Am I OK? How to do a mental health check
How am I doing?
It's a question most of us have likely asked ourselves, especially during the pandemic, which has distressed us, upended us, disconnected us. Maybe you asked it when two bad days turned into four, or when you lost something, or someone, and the grief never abated. Maybe you asked it when melancholy edged toward hopelessness, when you grew tired of treading water, when you inhabited the same body but no longer felt like the same self.
People are often told to check in with others when they notice someone struggling. "Just reach out" we say. But what about reaching in? Mental health experts say everyone should perform regular mental health checks to assess their own well-being. There's a process for determining if you are OK, and it's not unlike what you would do if you were concerned about someone you love.
"It's sort of in some way shifting this mindset of what questions would I ask my friend if I was worried about them and then using that on yourself," said Vaile Wright, senior director of health care innovation at the American Psychological Association.
USA TODAY spoke with Wright and Lynn Bufka, associate executive director for practice research and policy at The American Psychological Association, on how to perform a mental health check.
Find someplace quiet
It can be hard to listen to what our brains are telling us when we're working, caring for others or distracted. Wright says to do a mental health check, you need quiet.
"We're so used to multi-tasking that we don't really give ourselves space to sit down and reflect," she said. "Scheduling that time for yourself is going to be an important component."
Start with the big picture question
An important measure of well-being is whether you're able to function in daily life.
"One of the biggest indicators is whether the person is really having trouble doing their day-to-day life," Bufka said. "Are you able to fulfill your role as a mom, a teacher, a spouse, a daughter?"
If you're really struggling in domains that you previously weren't, that's a sign things are off track.
Look at your feelings and behaviors
No one's baseline normal is the same, so experts say it's important to look for changes in your mood. Questions you can ask yourself:
- How have my behaviors changed?
- How have my feelings changed?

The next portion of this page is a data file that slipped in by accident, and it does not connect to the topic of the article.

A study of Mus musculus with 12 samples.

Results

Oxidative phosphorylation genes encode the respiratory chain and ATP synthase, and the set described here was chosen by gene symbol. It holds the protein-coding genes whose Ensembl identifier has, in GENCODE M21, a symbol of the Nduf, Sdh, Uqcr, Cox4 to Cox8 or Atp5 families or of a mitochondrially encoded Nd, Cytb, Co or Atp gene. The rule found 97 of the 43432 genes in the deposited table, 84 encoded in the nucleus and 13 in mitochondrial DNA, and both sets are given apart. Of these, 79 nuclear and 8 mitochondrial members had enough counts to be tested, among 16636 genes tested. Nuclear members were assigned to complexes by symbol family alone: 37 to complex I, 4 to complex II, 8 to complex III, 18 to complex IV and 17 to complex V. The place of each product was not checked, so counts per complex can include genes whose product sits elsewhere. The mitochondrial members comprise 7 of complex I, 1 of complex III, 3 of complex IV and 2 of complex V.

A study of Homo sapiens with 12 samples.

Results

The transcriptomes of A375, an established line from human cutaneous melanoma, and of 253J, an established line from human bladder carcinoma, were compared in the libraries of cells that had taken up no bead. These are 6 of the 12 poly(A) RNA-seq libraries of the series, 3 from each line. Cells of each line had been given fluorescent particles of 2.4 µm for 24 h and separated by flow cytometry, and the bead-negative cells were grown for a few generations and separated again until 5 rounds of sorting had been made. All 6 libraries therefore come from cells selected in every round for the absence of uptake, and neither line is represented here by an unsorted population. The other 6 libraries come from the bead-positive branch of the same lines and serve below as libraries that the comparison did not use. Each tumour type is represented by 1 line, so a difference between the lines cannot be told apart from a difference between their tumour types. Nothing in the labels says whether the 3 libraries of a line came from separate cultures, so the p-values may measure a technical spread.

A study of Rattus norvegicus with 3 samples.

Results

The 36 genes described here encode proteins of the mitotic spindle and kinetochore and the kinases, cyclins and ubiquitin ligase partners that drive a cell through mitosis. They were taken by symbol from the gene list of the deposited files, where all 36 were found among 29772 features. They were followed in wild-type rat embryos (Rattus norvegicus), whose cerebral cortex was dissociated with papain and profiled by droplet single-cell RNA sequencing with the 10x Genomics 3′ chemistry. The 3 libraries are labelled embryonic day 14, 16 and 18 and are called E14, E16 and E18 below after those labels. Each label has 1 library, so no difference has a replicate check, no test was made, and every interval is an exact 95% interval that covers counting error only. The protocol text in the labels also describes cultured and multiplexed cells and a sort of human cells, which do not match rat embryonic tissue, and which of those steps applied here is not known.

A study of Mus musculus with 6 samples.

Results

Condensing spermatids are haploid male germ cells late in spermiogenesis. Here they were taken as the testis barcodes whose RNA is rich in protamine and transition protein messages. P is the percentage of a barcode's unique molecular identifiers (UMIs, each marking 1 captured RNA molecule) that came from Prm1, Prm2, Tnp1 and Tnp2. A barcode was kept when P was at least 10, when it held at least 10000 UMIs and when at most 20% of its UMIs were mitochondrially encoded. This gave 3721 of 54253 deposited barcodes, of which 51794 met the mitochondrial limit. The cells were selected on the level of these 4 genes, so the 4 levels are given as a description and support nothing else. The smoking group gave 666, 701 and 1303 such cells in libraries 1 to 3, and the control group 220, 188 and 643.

- Do I still find joy in the things that once brought me joy?
- Am I being irritable or snapping at people?
- Am I really down more than I usually am?
- Do I find that I'm catastrophizing more than I usually do?
- Am I avoiding people?
Also consider the duration of your symptoms. Everyone has bad days. But experts say from a diagnostic point of view, if you're feeling down for longer than two weeks, that's cause for concern and may mean its time to seek professional help.
Look at your body
Our bodies try and communicate when our brains are not well. Mental health and physical health are inextricably linked. You should ask yourself:
- How am I sleeping?
- Am I eating well?
- Am I grinding my teeth?
- Do I feel muscle tension in my neck or shoulders?
- Am I being active the way I usually am?
Don't wait until things are bad
In a perfect world, people would do these check-ins even when they weren't struggling. It's much easier to prevent a crisis then it is to climb out of one.
"The way in which we see a physical doctor even when we're feeling OK, just to make sure that everything's still going right, is kind of how we need to be approaching our emotional wellbeing as well," Wright said.
If you or someone you know may be struggling with suicidal thoughts, you can call the U.S. National Suicide Prevention Lifeline at 800-273-TALK (8255) any time day or night, or chat online.
Crisis Text Line also provides free, 24/7, confidential support via text message to people in crisis when they dial 741741.
The American Foundation for Suicide Prevention has resources to help if you need to find support for yourself or a loved one.